It's a pretty far shot to say the story line in 'The Pearl' is in any way autobiographical, but as mentioned in the comment above, the story does deal with the subject of extreme loss. (Steinbeck was devastated and never really got over it when his friend was killed in an automobile accident.) The unfairness of life also comes through as another theme.
The story of 'The Pearl' actually is based on an old Mexican folk tale which had two main versions. One adheres fairly well to Steinbeck's rendition; in the second, a young pearl diver finds the pearl of great price but instead of acting wisely when he becomes rich, he squanders away his money in a very brief lapse of time. In the end, finding the pearl and not being able to deal with sudden wealth lead to his ultimate ruin.
The music and song leit motif is Steinbeck's personal contribution. The Song of the Family, the Song of the Pearl, and the Song of Evil enhance the story line by giving it a lilting, lyrical effect and are good metaphors to express the diverse thoughts and feelings of the characters.
Extra note: If you want to read a more autobiographically related work, try Steinbeck's 'Log of the Sea of Cortez.' In it he writes of some of his experiences with Ricketts while studying marine biology. (Steinbeck never finished his degree and turned to writing instead.) Also, Steinbeck or Ricketts serve as a model for the character "Doc" in his novelettes 'Cannery Row' and 'Sweet Thursday.' Later Steinbeck did a tour around the eastern half of the United States and wrote of his experiences in 'Travels with Charley.'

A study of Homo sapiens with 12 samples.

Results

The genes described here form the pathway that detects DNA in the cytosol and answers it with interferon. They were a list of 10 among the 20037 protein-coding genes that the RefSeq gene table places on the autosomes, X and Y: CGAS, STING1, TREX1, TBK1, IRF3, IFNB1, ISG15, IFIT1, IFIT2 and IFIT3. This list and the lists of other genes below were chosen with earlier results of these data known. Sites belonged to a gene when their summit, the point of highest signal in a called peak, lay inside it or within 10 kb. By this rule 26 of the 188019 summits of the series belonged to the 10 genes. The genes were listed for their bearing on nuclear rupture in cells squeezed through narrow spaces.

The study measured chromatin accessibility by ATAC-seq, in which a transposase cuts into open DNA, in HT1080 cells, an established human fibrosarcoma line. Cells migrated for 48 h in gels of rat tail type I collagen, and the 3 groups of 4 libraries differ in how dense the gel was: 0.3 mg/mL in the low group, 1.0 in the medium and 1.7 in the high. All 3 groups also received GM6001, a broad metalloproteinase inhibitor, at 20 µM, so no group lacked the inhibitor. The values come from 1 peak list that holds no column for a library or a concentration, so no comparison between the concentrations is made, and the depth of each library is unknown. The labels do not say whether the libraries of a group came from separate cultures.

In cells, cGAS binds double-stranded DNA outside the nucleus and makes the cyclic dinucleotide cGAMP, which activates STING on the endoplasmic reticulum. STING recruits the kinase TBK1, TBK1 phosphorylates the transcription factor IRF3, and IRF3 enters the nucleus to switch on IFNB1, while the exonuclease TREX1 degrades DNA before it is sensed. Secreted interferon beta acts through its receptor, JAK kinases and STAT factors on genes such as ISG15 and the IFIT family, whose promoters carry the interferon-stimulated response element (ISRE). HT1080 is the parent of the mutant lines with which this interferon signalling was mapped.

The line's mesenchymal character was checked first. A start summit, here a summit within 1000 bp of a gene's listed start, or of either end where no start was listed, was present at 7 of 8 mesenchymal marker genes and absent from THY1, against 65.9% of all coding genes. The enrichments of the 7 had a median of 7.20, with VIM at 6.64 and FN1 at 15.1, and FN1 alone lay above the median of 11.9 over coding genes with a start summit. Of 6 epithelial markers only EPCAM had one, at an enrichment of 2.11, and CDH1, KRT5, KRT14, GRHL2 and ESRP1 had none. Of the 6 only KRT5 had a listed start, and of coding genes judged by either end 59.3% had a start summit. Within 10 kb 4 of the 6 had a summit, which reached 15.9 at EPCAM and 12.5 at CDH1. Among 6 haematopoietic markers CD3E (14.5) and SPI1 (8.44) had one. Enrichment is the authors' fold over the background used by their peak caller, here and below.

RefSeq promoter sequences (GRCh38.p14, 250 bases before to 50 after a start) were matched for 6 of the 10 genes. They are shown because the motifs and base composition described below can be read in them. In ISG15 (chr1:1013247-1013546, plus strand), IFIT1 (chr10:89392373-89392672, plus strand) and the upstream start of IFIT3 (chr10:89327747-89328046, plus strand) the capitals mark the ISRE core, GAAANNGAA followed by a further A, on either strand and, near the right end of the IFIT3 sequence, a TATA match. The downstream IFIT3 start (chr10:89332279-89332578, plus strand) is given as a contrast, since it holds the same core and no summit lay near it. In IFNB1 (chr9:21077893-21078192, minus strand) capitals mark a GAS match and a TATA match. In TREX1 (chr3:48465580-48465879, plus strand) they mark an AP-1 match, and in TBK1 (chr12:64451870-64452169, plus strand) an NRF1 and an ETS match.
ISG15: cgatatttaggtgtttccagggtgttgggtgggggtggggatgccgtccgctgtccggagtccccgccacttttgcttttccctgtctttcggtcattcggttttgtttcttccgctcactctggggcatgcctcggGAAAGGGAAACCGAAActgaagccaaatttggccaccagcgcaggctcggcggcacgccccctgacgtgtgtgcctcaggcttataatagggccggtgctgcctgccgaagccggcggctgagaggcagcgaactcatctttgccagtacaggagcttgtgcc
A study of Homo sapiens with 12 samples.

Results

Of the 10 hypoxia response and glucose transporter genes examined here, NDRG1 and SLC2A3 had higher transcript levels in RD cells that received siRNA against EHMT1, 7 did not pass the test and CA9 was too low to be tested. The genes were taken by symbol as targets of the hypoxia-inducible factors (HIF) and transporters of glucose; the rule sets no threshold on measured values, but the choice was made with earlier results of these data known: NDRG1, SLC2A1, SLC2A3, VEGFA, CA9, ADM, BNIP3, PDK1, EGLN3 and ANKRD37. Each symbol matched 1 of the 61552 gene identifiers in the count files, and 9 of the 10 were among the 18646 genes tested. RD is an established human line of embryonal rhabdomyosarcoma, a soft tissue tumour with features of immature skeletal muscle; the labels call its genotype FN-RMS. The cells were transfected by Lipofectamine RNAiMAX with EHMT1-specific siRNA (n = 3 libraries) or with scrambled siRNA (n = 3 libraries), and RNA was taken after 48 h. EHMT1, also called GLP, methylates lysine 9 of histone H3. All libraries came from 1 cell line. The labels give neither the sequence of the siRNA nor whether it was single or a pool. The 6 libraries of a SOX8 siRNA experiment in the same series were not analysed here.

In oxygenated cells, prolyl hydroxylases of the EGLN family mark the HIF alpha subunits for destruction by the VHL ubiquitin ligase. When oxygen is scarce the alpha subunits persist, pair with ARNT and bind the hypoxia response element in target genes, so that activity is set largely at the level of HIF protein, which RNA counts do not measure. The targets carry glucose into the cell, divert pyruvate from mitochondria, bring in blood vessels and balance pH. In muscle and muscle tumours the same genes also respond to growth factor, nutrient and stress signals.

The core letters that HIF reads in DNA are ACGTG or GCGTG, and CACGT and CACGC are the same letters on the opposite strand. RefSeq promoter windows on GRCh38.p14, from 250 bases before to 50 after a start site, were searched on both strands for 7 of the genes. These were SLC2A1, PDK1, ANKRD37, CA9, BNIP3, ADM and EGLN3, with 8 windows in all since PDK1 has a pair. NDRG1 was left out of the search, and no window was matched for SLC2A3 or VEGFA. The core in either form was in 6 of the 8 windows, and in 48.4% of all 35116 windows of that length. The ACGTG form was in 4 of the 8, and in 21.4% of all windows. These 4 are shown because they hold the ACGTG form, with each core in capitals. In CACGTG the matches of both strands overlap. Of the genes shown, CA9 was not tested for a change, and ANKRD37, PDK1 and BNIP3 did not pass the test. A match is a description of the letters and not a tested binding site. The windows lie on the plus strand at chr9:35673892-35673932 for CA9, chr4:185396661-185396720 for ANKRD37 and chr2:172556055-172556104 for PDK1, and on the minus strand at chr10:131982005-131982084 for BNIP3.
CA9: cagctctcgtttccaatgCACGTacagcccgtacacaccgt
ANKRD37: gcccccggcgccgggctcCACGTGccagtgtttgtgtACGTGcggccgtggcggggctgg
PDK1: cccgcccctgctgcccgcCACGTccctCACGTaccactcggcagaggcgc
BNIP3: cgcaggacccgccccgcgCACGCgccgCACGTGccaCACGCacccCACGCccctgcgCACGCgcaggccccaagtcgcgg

In a way, yes, the characters of The Pearl reveal authentic experiences of John Steinbeck. Let me explain. Specifically, John Steinbeck met an important mentor in his early life: a mentor named Edward F. Ricketts. Rickets was a marine biologist who helped shape Steinbeck's theories about humans place in creation. (I couldn't help noticing the importance of the sea as well as the priceless pearl in Steinbeck's novel. I wonder if that subject as a whole stemmed from that summer class Steinbeck took in biology at the Marine Station.) Enotes describes Steinbeck's resulting vision as thus: "man should act in concert with others to live happily and for the good of all creation." As a result, Steinbeck's characters all begin in harmony with nature but gravitate towards discord as greed takes over them. This certainly happens with Kino and results in the ultimate sadness: the death of Coyotito. Therefore, the character of Kino has its roots in the theory Steinbeck developed through his friendship with Edward F. Ricketts.